There’s been a lot of talk recently about “craft” distilleries that don’t really make their own products. In short, many of these companies are really just “Potemkin distilleries,” as Chuck Cowdery calls them, that buy whiskey in bulk and sell it under their own label.
The merits of such a strategy are a subject for another day. What’s more interesting to me is when a craft distillery does things the old-fashioned way, crafting their own spirit by hand, learning how to make the best product they can, aging it appropriately, and then selling it with their own name on the bottle.
FEW Spirits is a company that does just that. I knew this was a company I’d like when I first read their story. Founded in Evanston, Illinois, considered by many to be the birthplace of the temperance movement, FEW takes its name from the initials of Frances Elizabeth Willard, the national president of the Women’s Christian Temperance Movement and one of the nation’s leading advocates for Prohibition.
A clever name isn’t enough to garner much favor, though. What matters is what’s in the bottle. And it’s there that the folks at FEW demonstrate that they really know what they’re doing.
FEW Spirits Rye Whiskey is made from a mashbill consisting of 70% rye, 20% corn, and 10% malted barley. It is aged for “less than four years” in new oak barrels, and is bottled at a robust 93 proof (46.5% abv). This whiskey is distilled in a 1,500-liter Kothe copper-pot still, if you happen to care about that.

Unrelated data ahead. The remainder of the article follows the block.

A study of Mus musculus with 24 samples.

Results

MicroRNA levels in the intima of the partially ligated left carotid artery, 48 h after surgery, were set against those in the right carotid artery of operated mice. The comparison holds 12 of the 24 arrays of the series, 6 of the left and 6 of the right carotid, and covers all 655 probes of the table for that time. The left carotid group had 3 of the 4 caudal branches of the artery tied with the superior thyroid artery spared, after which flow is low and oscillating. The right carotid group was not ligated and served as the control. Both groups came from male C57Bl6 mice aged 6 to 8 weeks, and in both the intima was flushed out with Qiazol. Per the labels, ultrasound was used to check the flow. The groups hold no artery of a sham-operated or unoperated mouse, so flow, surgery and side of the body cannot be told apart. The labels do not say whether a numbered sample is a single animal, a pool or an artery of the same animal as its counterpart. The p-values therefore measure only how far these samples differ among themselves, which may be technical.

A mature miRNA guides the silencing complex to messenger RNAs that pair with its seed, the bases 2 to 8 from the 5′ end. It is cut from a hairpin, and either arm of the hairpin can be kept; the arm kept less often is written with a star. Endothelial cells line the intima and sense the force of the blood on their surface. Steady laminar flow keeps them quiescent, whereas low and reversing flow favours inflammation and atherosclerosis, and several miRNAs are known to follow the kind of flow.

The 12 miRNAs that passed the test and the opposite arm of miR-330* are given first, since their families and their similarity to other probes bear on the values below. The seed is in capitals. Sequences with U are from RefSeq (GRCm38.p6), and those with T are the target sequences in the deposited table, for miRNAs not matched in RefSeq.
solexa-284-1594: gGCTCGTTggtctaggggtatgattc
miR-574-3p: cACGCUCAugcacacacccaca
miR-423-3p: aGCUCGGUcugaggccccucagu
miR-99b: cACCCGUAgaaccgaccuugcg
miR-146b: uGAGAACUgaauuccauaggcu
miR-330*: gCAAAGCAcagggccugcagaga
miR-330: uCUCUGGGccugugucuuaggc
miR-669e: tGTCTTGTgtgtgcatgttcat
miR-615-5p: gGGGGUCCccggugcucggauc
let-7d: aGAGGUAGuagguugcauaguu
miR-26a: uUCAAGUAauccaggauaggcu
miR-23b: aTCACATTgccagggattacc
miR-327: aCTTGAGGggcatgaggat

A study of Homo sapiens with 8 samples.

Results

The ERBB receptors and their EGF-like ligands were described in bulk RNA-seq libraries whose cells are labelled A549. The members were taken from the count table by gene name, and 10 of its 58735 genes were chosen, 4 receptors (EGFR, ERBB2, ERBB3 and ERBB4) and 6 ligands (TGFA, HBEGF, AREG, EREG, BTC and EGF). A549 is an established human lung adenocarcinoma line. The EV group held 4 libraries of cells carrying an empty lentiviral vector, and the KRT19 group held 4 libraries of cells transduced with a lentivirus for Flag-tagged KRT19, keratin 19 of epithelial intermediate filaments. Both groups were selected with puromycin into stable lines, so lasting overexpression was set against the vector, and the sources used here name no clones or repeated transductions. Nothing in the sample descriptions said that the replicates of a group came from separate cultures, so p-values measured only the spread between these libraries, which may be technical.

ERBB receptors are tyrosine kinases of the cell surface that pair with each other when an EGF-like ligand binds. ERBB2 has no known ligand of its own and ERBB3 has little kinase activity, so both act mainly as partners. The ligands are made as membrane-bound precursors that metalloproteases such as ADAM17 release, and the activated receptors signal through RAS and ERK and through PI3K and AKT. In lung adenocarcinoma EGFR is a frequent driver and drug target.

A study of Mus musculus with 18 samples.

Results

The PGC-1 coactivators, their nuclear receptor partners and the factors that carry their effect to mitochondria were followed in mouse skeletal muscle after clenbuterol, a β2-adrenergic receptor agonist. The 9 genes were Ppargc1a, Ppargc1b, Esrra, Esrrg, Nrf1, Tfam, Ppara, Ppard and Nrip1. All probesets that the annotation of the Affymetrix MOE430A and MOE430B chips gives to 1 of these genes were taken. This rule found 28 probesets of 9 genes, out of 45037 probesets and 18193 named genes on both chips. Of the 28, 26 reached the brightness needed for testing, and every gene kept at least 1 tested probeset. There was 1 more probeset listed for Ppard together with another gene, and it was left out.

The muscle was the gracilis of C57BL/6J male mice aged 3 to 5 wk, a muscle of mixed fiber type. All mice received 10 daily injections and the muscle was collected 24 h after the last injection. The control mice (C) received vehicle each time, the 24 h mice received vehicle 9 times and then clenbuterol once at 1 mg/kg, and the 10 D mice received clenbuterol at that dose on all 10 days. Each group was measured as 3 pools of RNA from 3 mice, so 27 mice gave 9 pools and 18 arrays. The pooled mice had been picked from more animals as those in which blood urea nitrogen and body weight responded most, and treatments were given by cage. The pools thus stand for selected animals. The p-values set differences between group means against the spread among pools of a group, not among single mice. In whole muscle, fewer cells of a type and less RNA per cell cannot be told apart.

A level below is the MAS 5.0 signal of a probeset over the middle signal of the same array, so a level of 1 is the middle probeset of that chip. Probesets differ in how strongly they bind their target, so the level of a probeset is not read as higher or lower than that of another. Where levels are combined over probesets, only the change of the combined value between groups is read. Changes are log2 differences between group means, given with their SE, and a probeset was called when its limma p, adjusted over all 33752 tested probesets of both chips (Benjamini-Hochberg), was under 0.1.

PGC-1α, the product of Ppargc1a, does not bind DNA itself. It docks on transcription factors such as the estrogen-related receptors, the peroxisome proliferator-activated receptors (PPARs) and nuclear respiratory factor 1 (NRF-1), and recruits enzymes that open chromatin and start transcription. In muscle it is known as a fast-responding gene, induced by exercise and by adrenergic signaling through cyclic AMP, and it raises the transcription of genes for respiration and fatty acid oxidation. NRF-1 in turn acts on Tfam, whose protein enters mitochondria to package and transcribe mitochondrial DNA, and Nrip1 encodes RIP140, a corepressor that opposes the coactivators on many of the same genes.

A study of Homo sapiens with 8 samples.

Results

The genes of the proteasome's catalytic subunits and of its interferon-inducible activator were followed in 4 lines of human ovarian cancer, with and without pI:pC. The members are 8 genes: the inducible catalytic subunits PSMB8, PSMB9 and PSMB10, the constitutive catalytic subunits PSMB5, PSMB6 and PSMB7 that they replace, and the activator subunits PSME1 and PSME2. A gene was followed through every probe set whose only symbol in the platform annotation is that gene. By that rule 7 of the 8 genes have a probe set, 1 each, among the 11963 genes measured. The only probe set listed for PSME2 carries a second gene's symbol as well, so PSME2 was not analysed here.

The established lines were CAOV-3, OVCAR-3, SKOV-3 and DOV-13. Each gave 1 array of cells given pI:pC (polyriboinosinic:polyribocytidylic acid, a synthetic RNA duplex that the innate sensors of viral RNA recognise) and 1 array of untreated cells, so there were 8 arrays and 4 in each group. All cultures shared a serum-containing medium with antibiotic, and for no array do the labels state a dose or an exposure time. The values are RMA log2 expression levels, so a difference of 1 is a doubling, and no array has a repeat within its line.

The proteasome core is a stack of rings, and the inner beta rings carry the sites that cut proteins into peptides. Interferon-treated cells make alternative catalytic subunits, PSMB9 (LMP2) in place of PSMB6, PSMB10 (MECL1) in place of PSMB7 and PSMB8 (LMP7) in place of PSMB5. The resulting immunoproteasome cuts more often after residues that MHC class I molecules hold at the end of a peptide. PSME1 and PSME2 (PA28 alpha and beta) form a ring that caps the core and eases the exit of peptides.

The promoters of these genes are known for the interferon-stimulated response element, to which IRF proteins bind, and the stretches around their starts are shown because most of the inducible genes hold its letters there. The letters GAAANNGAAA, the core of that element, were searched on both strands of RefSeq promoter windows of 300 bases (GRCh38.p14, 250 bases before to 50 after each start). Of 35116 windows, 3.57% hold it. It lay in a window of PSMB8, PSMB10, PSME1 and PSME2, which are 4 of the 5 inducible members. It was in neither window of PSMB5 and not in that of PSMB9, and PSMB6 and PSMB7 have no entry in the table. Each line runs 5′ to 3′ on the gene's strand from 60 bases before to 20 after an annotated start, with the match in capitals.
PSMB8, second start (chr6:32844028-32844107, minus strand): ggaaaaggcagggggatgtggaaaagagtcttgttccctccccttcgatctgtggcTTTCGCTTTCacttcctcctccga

It has an aroma of cereal grains and sweet fruit, with some very appealing hints of toasted coconut and brown sugar. Not surprisingly given the proof, it also has a fairly potent kick to the nose.
Interestingly, though, that heat doesn’t carry over onto the palate. It has neither a fiery alcohol presence, nor the harsh edges one might expect from a young whiskey. It tastes like toasted cereal, slightly sweet at first, with a dryer taste of spice (rye and cinnamon) coming after. There is very little flavor of oak, but there is a nice amount of vanilla.
Overall, it’s a well-balanced whiskey, and although it doesn’t have some of the richness that an older spirit might, it is quite impressive as is.